Patricia and Rodes Hart Professor of Psychology, Department of Psychology and Human Development

Professor Cole's research interests center around development psychopathology in general and childhood depression in particular. Working from the premise that the origins and perpetuation of mental illness have large interpersonal components, he studies the relation between childhood depression and patterns of peer relations, parent-child interactions, and competency-based feedback from significant others. He suggests that cognitive models of depression must take into consideration the level of the child's cognitive development. His studies imply that adult models of depression need substantial modification when applied to children.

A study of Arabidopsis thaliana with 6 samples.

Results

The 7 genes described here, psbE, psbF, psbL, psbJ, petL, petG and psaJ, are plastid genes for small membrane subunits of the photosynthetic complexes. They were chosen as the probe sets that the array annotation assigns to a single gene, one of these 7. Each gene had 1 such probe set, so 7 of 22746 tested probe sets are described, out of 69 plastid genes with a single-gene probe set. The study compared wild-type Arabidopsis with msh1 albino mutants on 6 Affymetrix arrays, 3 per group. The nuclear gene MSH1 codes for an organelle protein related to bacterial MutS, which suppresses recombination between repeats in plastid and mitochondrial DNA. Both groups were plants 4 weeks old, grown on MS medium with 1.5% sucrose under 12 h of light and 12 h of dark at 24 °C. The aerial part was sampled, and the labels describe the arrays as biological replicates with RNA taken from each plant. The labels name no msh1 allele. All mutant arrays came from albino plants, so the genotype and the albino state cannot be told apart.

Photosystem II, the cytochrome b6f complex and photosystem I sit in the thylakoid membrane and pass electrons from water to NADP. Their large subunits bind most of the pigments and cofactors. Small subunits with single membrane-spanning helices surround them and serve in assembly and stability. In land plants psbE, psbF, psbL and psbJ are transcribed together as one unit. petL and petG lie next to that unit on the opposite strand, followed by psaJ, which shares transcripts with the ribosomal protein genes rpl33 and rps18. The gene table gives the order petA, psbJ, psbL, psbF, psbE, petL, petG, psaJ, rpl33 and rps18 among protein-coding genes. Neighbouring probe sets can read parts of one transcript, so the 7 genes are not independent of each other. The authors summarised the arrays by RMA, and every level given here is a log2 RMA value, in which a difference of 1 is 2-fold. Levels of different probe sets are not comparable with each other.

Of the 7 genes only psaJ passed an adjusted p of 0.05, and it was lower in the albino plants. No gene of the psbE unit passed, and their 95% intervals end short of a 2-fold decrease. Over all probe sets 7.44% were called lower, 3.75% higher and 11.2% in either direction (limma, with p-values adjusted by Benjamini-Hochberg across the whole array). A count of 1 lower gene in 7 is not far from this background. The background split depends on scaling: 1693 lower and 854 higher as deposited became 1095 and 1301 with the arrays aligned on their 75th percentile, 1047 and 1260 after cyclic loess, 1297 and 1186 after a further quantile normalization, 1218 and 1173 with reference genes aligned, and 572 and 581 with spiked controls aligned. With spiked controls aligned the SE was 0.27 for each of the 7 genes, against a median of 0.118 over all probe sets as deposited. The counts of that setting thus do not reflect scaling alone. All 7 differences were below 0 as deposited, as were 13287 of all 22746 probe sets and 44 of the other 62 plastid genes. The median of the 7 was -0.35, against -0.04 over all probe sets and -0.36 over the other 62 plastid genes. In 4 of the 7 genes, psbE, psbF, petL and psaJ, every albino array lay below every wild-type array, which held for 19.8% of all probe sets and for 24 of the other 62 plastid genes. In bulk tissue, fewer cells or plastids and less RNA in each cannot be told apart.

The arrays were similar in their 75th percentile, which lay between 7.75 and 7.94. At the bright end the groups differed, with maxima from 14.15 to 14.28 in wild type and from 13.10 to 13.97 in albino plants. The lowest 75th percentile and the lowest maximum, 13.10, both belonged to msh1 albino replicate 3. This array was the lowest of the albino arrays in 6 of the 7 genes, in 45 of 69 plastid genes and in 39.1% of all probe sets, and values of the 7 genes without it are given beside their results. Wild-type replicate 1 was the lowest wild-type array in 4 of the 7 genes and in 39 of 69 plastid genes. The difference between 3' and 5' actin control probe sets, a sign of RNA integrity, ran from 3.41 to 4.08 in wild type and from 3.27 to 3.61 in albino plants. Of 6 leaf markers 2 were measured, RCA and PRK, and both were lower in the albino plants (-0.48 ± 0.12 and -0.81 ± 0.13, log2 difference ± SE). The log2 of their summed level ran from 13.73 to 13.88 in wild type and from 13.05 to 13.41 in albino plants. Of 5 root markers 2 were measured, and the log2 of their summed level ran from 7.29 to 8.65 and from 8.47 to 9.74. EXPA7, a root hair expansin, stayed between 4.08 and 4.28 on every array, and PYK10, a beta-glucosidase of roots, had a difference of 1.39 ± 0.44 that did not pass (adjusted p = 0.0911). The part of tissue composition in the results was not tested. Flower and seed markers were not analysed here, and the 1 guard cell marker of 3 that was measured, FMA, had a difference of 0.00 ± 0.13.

His most recent research focuses on online platforms that serve as a novel type of social niche – one that conveys not only risks (e.g., cybervictimization) but also benefits (e.g., online social support), in a manner analogous to in-person social relationships. Recent studies have examined the ways that online social relationships are similar to and different from in-person peer relationships. Of particular interest is whether healthy online relationships can offset the negative mental health effects of in-person ostracism and peer victimization.

Professor Cole is also interested in research methods and multivariate statistics.  In particular, he helps to develop new statistical and research methodologies for clinical, developmental, and psychopathology research, validating clinical assessment instruments, and examining change in non-experimental research designs.